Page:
Horizontal directional drilling (HDD) uses a combination of moderate-pressure, low-volume fluid and mechanical cutting to advance most horizontal boreholes.
Using a fluid-jet cutting system that can generate up to 2000 psi, the system is optimized to drill through most soil materials, including compact to dense (firm to hard) sand, silt, and clay formations.
Drilling Mud for Horizontal Applications
Drilling mud is selected on the basis of soil conditions and is generally a polymer product specifically designed for horizontal applications. These types of mud offer several advantages over bentonite or other high-solids drilling muds:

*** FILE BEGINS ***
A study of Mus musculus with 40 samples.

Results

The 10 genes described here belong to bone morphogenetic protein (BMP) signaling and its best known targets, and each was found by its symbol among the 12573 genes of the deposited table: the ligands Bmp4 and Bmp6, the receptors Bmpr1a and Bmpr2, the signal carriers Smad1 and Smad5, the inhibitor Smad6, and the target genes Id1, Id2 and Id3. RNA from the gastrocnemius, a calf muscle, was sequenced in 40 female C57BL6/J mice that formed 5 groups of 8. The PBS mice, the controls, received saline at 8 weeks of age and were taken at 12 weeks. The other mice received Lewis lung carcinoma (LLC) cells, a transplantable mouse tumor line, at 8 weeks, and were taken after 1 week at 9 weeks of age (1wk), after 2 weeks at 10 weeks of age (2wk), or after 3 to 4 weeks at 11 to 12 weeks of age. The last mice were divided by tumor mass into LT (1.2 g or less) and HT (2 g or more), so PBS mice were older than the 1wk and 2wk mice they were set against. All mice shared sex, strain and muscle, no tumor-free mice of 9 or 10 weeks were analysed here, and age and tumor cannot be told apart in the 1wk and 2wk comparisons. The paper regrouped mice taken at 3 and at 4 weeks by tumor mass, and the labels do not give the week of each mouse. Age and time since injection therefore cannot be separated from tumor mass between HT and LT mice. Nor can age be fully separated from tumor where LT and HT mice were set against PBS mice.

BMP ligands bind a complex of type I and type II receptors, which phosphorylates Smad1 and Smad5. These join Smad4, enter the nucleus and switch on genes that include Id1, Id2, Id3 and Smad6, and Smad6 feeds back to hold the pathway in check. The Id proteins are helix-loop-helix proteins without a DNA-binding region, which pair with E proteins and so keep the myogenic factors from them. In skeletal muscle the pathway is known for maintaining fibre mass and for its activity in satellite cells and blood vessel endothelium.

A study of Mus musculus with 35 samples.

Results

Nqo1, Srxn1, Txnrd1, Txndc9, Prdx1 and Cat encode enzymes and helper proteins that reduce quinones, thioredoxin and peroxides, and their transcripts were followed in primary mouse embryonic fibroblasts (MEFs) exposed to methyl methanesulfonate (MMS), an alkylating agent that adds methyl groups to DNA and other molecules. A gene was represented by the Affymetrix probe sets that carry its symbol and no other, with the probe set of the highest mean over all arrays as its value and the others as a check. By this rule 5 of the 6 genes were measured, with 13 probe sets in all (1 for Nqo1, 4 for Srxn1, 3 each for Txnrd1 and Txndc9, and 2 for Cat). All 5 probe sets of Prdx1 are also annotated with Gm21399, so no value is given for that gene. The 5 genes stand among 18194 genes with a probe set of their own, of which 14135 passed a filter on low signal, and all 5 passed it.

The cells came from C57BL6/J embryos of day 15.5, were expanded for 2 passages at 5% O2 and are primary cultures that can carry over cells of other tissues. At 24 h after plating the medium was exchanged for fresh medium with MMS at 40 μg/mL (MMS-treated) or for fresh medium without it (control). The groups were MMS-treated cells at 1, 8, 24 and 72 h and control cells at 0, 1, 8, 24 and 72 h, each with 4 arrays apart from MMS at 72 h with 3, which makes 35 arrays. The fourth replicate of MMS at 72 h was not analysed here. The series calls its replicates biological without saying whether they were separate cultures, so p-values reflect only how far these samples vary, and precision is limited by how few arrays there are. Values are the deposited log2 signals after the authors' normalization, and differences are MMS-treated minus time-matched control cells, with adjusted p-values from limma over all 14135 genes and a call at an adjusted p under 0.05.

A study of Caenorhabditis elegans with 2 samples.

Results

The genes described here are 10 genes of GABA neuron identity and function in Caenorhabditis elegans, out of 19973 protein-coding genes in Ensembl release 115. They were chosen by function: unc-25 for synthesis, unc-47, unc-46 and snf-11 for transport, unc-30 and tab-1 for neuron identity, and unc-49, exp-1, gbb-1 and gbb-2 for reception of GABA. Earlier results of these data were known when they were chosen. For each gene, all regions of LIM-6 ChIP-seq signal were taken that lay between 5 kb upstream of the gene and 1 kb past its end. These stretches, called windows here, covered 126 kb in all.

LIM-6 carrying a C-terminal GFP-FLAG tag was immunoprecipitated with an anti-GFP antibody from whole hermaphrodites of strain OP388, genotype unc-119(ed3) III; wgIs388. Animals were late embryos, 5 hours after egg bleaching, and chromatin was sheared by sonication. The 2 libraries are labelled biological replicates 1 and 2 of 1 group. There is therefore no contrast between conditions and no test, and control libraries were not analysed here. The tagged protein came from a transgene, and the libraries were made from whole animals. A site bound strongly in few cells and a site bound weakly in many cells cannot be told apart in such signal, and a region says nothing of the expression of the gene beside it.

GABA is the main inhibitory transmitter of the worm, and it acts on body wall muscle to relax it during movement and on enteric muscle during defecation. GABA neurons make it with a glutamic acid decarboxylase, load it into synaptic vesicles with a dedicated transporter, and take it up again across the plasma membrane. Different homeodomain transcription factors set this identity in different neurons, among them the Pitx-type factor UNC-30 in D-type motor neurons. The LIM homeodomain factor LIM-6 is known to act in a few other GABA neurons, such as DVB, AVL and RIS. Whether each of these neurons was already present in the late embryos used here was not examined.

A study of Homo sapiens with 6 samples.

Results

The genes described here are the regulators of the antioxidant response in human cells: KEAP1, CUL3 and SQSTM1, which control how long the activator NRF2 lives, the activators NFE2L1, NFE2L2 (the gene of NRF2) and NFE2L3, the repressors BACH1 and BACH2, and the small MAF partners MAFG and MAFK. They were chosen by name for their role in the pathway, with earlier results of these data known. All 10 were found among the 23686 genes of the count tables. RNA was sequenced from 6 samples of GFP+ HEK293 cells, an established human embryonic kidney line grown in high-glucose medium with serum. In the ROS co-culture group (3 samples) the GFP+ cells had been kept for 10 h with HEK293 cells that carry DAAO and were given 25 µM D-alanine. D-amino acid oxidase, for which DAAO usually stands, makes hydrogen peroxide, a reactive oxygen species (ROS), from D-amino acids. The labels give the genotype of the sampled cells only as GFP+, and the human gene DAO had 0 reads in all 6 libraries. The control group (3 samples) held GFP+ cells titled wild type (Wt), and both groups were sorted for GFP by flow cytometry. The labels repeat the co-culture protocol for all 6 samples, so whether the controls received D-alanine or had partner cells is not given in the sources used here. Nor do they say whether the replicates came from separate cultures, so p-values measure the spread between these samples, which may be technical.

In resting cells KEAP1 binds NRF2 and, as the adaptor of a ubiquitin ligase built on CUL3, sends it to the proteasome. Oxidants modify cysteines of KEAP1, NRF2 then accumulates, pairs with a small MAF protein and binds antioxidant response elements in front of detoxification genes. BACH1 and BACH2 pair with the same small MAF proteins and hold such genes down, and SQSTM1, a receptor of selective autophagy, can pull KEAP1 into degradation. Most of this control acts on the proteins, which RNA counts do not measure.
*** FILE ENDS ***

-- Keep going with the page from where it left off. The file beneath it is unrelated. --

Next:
- Easier to mix and deploy
- More effective in stabilizing the borehole and removing cuttings
- Stable under a variety of chemical conditions, for example brackish, salt, or fresh water; total petroleum hydrocarbons (TPH)
- Ease of well development without damage to formation
- Easier to dispose of or treat because of natural or enhanced post-drilling viscosity breakdown of fluid
Where soil materials are too dense to be cut by the fluid-cutting system, Directed Technologies Drilling uses downhole mud motors and rotary drilling methods to advance boreholes through gravel formations, coral reefs, even boulders or bedrock, depending upon the lithology of the formation. The mud motor is installed at the end of the drill string on a bent sub (typically 3 degrees). The motor operates from the flow of drilling mud and spins the tri-cone bit. The borehole direction is controlled by orientation of the bent sub. Predictably, mud motors require a considerable mud flow and generally require a larger drill rig and more complex setup.